Thanks for the reply.
Sorry, Linda, I should have phrased my question better. The 'film strip' analogy was meant to describe simply having consecutive states next to one another in a single image. I didn't mean that it should have a border that resembled a film strip.
This is the kind of thing that I would like to create: http://www.iainmorland.net/images/knob.png (you'll need to zoom in if you open this in your browser).
As you see, this contains a series of states for the animation of a GUI knob, next to one another.
Does that help to make it clearer?
As in your example, the objects on each state would have to be in a different position. Then you could turn on Onion Skinning (the little button at the bottom left corner of the states panel). When you click on the Onion Skinning button a menu opens that enables you to Show All States. Select that option, plus select the Custom option, which enables you to show the objects on each state at 100% opacity.
Hi Linda -- thanks, that's very helpful.
Based on your experience, then, does this seem like a task for which Fireworks would be well-suited (showing all states in different positions, then exporting to one long PNG)?
I'm not familiar with the other CS design applications (well, apart from PSE v6!), so am not sure whether there would be a simpler way of achieving this in a different application. Certainly Fireworks looks good so far as a tool for both web and GUI graphics.
It's a terrific application. The more you learn about it, the more you'll love it. I work exclusively with Fireworks for graphics, so I'm probably predjudiced. :-) As for whether or not it is suitable for your task, I can't say because I don't know what you plan on using the graphic for.
In terms of the particular task, the output would be literally the long 'film strip' PNG containing all the states in a row or column. This is the format in which it will be used by the application.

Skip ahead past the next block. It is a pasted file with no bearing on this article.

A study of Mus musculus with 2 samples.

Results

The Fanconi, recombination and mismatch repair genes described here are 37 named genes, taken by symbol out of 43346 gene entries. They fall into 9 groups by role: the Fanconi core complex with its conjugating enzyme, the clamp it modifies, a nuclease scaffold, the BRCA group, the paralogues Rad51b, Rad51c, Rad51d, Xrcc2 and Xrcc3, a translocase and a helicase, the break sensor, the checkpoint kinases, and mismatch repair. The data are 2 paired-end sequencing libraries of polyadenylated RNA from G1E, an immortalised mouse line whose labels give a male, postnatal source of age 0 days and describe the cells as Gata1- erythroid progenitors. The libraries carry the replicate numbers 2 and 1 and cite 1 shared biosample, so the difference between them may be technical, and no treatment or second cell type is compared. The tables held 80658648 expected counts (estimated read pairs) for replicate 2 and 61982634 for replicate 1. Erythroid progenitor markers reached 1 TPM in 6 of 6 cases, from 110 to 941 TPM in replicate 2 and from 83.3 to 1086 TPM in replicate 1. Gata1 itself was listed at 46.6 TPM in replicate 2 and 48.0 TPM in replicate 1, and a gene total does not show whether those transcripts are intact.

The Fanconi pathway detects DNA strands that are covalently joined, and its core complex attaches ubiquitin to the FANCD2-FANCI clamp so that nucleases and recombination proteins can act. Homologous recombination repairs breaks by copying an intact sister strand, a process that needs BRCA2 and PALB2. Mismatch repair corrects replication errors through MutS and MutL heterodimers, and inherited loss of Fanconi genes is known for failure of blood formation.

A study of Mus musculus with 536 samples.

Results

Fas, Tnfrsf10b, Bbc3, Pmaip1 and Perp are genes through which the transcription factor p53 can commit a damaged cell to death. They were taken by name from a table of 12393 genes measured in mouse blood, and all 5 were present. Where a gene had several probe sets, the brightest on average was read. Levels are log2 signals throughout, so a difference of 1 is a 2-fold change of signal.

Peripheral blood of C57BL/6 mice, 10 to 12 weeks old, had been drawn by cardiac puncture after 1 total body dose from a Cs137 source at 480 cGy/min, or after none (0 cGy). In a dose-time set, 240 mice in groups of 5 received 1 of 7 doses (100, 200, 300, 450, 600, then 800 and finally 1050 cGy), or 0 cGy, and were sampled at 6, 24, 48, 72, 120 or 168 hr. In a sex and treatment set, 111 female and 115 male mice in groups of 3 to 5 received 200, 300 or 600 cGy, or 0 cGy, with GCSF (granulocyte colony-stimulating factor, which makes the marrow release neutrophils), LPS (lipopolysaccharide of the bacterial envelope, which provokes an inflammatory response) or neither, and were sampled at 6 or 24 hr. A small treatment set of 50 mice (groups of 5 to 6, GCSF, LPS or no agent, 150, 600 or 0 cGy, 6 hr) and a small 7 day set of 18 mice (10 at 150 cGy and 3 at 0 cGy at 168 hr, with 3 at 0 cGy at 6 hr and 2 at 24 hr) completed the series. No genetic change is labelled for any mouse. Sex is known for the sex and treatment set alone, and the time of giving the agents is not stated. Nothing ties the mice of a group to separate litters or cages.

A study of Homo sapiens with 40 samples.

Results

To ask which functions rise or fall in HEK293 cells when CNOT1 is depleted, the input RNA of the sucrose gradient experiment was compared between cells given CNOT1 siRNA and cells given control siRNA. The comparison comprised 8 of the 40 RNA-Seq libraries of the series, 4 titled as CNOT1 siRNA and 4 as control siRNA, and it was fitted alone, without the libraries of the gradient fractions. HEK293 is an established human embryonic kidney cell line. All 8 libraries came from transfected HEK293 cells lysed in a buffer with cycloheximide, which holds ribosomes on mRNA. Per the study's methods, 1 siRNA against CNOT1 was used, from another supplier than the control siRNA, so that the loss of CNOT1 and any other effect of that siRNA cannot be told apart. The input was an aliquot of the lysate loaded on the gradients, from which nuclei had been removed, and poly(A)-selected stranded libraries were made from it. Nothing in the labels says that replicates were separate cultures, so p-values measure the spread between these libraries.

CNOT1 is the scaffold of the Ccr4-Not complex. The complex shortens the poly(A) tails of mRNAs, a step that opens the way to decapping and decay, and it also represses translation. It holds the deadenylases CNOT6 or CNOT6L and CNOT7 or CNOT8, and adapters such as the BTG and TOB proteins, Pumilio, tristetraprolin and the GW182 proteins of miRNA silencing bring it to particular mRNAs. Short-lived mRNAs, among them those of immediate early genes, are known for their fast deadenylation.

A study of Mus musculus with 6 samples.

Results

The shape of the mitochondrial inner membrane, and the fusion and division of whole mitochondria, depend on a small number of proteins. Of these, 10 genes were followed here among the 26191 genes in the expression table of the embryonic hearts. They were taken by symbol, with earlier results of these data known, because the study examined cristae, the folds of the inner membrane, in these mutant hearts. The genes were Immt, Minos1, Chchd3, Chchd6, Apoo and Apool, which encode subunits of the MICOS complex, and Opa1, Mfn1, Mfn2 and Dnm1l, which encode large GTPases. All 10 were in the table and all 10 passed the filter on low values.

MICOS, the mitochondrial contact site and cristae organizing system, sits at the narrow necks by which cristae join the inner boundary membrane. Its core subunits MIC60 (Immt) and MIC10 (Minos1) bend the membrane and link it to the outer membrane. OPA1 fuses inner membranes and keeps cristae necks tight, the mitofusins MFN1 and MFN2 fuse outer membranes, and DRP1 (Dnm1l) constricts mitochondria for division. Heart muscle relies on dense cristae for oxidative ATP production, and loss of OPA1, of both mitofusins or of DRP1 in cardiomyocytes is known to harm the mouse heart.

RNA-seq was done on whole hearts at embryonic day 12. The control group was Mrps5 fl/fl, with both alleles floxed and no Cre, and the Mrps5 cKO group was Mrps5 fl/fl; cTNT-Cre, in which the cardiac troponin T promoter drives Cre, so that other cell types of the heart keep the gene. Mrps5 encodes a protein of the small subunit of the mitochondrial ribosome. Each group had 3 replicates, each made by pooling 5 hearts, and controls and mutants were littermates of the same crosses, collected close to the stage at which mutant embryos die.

So far from looking at possible tools for the task, there seem to be programs that are good at animations or good at single images, but it's harder to find something that will save the frames of an animation as an image. Fingers crossed that Fireworks fits the bill.
I forgot to mention that you'll have to make a screen shot of the objects on the canvas. Onion skinning will show them all at once in the document window, but only the first state will be visible when you export them.
Ah, hm -- that could be a bit of a workflow-killer, I'm afraid, especially if there are as many states as there are in the example PNG I uploaded.
Can you think of any other way to accomplish this, either in Fireworks or another CS program?
I appreciate your advice.
A-ha! Very helpful, thank you.
Since the discussion above, I've had an opportunity to demo Fireworks and try to do what I was describing.
Unfortunately I have found that the method we were discussing doesn't work, for a couple of reasons: the maximum canvas size in Fireworks isn't big enough to accommodate the length I'd need; it's pretty much impossible to distribute the states with exact spacing and horizontal or vertical positioning.
I also found that telling FW to animate a symbol but not create additional states simply cut short the animation; states and animation frames appear to be inseparable. (I may have overlooked something in this last point, but I didn't look into it further because the issues above with canvas size and spacing meant it still wouldn't have worked for me.)
For what it's worth, in case others find this thread and are curious, I've so far had better results in Illustrator blending symbols in different positions. It may be that this would have theoretically been possible in Fireworks too, but the (surprising) limit on canvas size would unfortunately still have been a deal-breaker.
But thanks Linda for your efforts in answering my questions. I appreciate that you took the time.